American college student Otto Warmbier, 21, was recently sentenced to 15 years of hard labor after being found guilty for “hostile acts” against the state by trying to steal a propaganda banner from the Yanggakdo International Hotel in Pyongyang where he was staying.
Unless U.S. diplomats can convince the totalitarian state to grant special amnesty for Warmbier, the Cincinnati, Ohio native may not taste freedom until he is 36.
Here’s what Warmbier may have to survive in North Korea’s brutal labor camps, where dissidents are disappeared, women are raped and men are broken.
Modeled after the Soviet gulags of Stalinist Russia, North Korea’s forced labor camps were first established in the late 1940s. North Korea denies the existence of such camps, but satellite imagery says otherwise, according to a 2014 UN special commission report.
Worked to Death and Tortured
Korean citizens who’ve escaped such ordeals speak of family and friends who couldn’t survive the constant near-starvation conditions and brutal forced labor.
Suzanne Scholte, the chairman of the North Korea freedom coalition based in Washington D.C., assists escaped defectors and campaigns for improved human rights. Scholte explained to The Guardian what typical conditions in a labor camp looks like:
“Conditions are horrific. People are worked for 14, 15 or 16 hours every day with just a handful of corn to live on and they are intentionally starved and worked to death.
“Torture is common, there is no medical aid and the sanitation is horrible. They wear the torn uniforms of old prisoners and sleep crammed together in a room.”
Prisoners are put to work in fields, sent to forests to log wood, put to work in mines where safety measures are non-existent, or sent to factories where being injured is basically expected.
Starvation and Rotten Food
While prisoners face beatings, malnutrition typically claims the lives of life-time prisoners by the age of 50.
The 2014 UN report details systematic starvation, torture, rape and executions at camps that hold 80,000 to 120,000 prisoners in total, many of whom simply disappear with no word to their families even in the case of their death. The report says:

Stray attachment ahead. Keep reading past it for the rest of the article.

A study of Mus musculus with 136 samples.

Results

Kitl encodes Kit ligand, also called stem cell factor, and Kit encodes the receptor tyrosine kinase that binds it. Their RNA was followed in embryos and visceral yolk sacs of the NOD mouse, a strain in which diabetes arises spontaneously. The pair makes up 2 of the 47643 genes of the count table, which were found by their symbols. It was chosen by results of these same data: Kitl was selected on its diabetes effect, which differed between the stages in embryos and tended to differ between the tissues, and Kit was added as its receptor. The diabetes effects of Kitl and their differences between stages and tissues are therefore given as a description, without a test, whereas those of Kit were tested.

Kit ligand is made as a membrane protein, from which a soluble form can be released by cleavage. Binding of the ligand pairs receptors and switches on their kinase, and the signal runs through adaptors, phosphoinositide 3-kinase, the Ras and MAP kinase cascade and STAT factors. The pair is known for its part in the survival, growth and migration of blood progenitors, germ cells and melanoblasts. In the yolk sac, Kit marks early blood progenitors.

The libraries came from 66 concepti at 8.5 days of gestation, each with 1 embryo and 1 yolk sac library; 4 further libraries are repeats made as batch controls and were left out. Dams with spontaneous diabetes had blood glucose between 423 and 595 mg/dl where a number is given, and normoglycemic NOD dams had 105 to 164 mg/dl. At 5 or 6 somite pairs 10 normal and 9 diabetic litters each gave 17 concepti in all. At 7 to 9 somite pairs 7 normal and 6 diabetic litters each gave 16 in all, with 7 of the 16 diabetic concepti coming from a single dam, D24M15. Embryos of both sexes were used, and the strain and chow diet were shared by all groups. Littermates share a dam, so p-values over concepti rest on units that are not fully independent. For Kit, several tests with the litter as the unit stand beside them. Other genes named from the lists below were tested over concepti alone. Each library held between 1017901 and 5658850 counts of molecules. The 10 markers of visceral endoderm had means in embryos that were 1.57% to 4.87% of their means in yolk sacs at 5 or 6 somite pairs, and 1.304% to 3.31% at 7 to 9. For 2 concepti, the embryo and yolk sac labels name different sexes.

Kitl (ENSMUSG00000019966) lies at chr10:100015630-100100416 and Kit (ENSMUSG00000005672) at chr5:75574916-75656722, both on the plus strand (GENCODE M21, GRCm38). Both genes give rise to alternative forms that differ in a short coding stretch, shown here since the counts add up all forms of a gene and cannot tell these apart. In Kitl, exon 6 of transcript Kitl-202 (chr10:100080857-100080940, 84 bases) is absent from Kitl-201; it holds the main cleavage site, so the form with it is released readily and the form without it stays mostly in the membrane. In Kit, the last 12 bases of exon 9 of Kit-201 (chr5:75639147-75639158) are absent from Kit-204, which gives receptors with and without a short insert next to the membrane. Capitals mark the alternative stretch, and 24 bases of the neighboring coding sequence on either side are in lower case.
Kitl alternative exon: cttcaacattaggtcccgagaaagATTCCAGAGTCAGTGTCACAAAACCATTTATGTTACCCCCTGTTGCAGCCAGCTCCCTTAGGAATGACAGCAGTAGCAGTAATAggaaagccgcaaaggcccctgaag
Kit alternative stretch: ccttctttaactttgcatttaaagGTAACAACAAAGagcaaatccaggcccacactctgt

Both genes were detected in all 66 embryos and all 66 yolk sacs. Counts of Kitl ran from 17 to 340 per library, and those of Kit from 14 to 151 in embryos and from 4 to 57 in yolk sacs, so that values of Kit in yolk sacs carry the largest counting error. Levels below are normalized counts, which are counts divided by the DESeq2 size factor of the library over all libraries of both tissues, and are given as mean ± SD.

“The commission estimates that hundreds of thousands of political prisoners have perished in these camps over the past five decades.”
A 2009 legal report from South Korea, via The Washington Post, reported that prisoners are fed a few ounces of rotten corn and a kind of “salt soup.” Prisoners may even be beaten mercilessly if they try to cook rats for themselves.
The Post reported that prisoners “lose their teeth, their gums turn black, their bones weaken and, as they age, they hunch over at the waist … they live and die in rags, without soap, socks or underwear.”
Hope for Warmbier
Without a doubt, the hardest conditions reported from North Korea equate to a slow death sentence of which very few survive and escape from. These forced labor camps violate every basic human right possible, but North Korea may not send any American prisoners there and risk confirming to the world their existence, meaning there is likely hope for Warmbier. Scholte told Business Insider:
“This student will not be sent to one of these death camps because they cannot let the world know that they are committing these atrocities. They may put him to work in a labour camp but I would suspect for six months or, I hope, less than a year. They are going to use him and it will depend how much the US pushes the regime to release him.”